The Jenkins Community, the community of developers using the Jenkins CI open source continuous integration (CI) server, today announced that a recent survey showed community participants consider Jenkins to be crucial to their development processes and continue to be satisfied with Jenkins resources. The survey was conducted by CloudBees, on behalf of the Jenkins community.

In the survey of 721 development professionals, 83 percent of respondents described Jenkins CI as a mission-critical core development tool, deeply entrenched in the software development process. An overwhelming majority of respondents – 87 percent – also said they were “satisfied” or “very satisfied” with Jenkins, underscoring the value they are experiencing using Jenkins resources in their development initiatives.

According to metrics provided separately by the Jenkins community, growth in active installations of Jenkins CI has grown by more than 65 percent over the past year to over 53,000 installations. “The survey results drive home the point that Jenkins provides a critical service to users and that usage of it is growing rapidly,” said Kohsuke Kawaguchi, founder and member of the interim Jenkins Governing Board. “People love Jenkins, they appreciate the enhancements the Jenkins community is continually producing and they are willing to participate in, and contribute to, the project.”

One of the key strengths of Jenkins is its extensibility. Plugins to meet custom needs are easily created and, as a result, an ecosystem of 636 plugins is now available for Jenkins. Plugins exist to support the building and testing of virtually any project – ranging from enterprise Java applications to embedded C++ applications. Additionally, the number of plugins is growing by an average of one new plugin every other day. The survey showed 11 percent of respondents have created an open source plugin for the community – a high number for an open source project, reflecting the ongoing developer engagement in the Jenkins project. Another 7 percent have written an in-house plug-in to meet company-specific requirements within their own development environments, and a total of 60 percent say they’re either interested in contributing a plugin or have contributed one already.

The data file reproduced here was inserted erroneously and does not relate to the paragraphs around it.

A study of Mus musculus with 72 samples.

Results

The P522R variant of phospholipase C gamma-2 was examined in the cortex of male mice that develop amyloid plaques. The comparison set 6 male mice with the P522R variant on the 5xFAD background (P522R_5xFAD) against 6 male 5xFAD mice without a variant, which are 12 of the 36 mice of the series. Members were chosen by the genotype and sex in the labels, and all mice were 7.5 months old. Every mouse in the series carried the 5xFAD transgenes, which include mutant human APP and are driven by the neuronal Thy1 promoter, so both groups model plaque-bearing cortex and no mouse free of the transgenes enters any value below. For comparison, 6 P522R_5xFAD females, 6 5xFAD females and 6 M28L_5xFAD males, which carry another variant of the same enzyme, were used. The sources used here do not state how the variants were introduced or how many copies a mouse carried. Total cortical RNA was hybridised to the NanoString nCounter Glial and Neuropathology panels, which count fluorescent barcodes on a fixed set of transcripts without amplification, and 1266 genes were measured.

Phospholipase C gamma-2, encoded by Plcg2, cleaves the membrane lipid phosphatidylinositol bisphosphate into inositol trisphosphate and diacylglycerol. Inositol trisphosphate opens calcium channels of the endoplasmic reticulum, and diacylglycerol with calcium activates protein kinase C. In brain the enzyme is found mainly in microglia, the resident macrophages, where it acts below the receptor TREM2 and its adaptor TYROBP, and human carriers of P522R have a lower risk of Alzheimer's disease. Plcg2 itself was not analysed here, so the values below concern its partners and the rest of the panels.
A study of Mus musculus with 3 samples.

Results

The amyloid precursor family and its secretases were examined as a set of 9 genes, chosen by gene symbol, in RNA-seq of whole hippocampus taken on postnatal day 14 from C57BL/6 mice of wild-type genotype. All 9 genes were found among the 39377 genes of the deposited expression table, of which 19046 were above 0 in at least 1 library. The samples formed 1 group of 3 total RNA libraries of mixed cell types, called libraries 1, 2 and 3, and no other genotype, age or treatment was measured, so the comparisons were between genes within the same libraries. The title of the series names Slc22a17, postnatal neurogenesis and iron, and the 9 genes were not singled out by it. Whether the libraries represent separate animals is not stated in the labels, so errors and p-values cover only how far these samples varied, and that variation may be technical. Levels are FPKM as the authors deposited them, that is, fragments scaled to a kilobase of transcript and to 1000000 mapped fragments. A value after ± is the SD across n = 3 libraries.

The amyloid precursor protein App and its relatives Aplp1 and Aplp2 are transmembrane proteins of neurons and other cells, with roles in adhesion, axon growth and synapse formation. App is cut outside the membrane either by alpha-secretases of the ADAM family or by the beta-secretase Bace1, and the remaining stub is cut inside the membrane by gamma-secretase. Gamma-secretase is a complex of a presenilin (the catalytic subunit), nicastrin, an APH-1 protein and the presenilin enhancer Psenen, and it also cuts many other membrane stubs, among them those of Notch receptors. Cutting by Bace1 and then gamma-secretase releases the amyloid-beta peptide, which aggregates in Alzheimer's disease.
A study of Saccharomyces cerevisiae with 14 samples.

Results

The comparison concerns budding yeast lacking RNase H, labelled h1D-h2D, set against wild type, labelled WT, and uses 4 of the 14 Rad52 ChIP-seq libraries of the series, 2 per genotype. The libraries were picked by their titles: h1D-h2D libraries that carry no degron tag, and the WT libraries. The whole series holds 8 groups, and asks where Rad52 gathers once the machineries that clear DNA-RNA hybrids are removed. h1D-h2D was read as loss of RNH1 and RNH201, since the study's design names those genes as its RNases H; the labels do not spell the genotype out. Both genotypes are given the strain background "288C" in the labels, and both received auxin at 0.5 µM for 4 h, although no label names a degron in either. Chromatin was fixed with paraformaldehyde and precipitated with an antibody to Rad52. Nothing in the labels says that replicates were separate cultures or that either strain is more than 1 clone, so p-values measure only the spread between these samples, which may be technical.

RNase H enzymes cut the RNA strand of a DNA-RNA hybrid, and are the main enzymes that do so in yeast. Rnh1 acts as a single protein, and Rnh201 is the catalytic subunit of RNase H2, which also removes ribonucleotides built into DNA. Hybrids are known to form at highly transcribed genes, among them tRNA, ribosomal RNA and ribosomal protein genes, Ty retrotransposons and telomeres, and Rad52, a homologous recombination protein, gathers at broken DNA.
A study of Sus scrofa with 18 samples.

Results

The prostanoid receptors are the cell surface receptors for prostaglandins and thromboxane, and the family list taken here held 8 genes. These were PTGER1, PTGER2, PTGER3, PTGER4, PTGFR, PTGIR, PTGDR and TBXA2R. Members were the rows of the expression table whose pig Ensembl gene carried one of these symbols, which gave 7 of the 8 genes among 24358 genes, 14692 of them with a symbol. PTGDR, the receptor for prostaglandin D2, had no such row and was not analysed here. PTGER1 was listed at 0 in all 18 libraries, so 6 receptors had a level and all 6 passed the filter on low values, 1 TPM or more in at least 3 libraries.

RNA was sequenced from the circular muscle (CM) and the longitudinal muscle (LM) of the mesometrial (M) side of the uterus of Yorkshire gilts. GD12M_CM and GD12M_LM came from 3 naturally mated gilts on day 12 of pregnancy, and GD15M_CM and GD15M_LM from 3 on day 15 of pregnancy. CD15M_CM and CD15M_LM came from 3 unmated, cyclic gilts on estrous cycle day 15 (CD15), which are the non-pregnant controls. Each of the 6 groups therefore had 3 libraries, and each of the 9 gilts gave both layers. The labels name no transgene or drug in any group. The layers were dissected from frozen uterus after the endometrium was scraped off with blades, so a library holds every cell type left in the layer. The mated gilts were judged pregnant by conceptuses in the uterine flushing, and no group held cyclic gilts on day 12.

While use of Jenkins is increasing in companies of all sizes, growth is strongest in enterprise environments. The survey showed about 69 percent growth in the number of respondents that indicated they work for companies with 1,000 developers or more (13.5 percent in 2012 vs. 8 percent in 2011).

Although Jenkins has always been well-entrenched within the Java community, with 74 percent of respondents using Java, the survey showed a significant use of other languages, too. Several popular programming languages used by developers within the community include C/C++ (38 percent), JavaScript (35 percent), Python (29 percent), C# (25 percent) and PHP (18 percent).

The online survey was launched at the Jenkins User Conference in San Francisco on September 30 and concluded on October 31, 2012. It was promoted on, the Jenkins Wiki, the CloudBees blog, various LinkedIn groups and other forums and social media channels.

The survey showed all types of job profiles are interested in Jenkins, with developer being listed as the most common job role (71 percent), followed by build manager (41 percent), software architect (24 percent) and DevOps professional (21 percent).

Priorities for future development expressed by the community include quality improvements and timely bug fixes, more documentation and examples, and the creation of new plugins to address specific functionality.

The survey showed Jenkins users are moving some functions to the cloud as companies increasingly realize the benefits of cloud resources for application development. Twenty-one percent are using source control management tools in the cloud, 26 percent are deploying applications to a cloud infrastructure and 13 percent are using or planning to use Jenkins in the cloud.

Learn more - get the complete survey results.

About Jenkins CI and Jenkins Community

Jenkins Continuous Integration (CI) server is an open source project developed for and by the Jenkins CI community. Jenkins CI is the leading open source CI server. Built with Java, it provides more than 600 plugins to support building and testing virtually any project.

By recognizing and encouraging the numerous contributors to the Jenkins CI project, the Jenkins organization creates and fosters a community-powered infrastructure for maintaining and further developing Jenkins CI. Visit to find the latest news, tutorials, forums and other helpful resources for Jenkins CI users of all skill levels. You can also follow the Jenkins community on Twitter (@JenkinsCI).

Please consider making a donation to the Jenkins community. The community is currently engaged in a fundraising project for travel grants. Specifically, the grants would allow Jenkins contributors to travel, meet and strengthen their relationships with other Jenkins contributors via forums such as FOSDEM (where Kohsuke Kawaguchi will be a keynote speaker) and SCALE11x.